Will the City of the Future throw its trash into gigantic open landfills? Certainly not. The idea of burying millions of tons of usable resources, along with toxic wastes like lead, mercury and motor oil, will repel our decedents.
What will people in the City of the Future do with their waste? They will reuse and recycle all of it. Nothing will be wasted. Paper waste will either be recycled or turned into a source of energy. Plastics, metals and glass will all be captured and recycled. And sources of toxic waste will be dealt with in a safe manner, rather than being left in the ground for future generations to deal with.
This video shows you one step in the evolution of waste management. Instead of a landfill, it's a waste factory:
This is certainly a step in the right direction, but it is only a step. The City of the Future will deal with waste at a much more granular level.
For example, think of something as simple as disposable batteries - the little AA, C and D cells that we use in toys, flashlights and electronic devices. Batteries are full of metals and chemicals. If a city has a million residents and each one throws away just two batteries a month, that's 24 million batteries tossed into the waste stream annually - over a million pounds of disposal batteries every year. If you assume that the average tractor trailer rig can haul 44,000 pounds, it's 22 tractor trailers full of batteries per year.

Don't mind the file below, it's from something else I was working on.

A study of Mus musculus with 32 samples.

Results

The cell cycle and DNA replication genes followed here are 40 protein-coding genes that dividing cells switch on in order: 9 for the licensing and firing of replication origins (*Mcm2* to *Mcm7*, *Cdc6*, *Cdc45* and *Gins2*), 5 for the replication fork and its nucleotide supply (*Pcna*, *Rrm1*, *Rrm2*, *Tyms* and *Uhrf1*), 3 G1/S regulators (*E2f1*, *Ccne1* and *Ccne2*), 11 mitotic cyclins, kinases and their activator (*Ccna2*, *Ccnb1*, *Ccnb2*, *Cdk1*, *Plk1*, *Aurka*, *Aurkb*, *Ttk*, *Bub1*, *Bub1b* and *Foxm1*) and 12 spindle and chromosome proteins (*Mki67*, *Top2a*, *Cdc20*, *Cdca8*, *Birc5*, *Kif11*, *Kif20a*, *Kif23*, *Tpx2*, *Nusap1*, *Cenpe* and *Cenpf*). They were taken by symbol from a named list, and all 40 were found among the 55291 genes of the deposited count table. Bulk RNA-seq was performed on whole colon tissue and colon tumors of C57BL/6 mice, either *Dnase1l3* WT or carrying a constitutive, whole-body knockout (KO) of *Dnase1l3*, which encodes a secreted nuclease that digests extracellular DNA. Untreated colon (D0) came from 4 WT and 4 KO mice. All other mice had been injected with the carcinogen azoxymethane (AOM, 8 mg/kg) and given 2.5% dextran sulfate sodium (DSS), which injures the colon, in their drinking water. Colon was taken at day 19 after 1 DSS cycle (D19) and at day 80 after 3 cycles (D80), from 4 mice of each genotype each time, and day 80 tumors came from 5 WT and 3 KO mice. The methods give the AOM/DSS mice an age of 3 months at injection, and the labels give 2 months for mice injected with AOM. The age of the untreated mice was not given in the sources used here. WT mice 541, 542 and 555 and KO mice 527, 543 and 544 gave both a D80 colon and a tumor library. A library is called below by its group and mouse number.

Now, instead of leaving them in the ground to corrode and leak, what if we had robots separating out each battery from the waste stream, and then we dealt with them in a safe way? What if we did the same thing with every disposable diaper full of human waste, every cardboard box, every soda bottle and so on? We would have complete control of the waste stream and, as described in the video above, we would not need landfills any more.
This is how the City of the Future will manage its waste. Raleigh could be a leader in this area.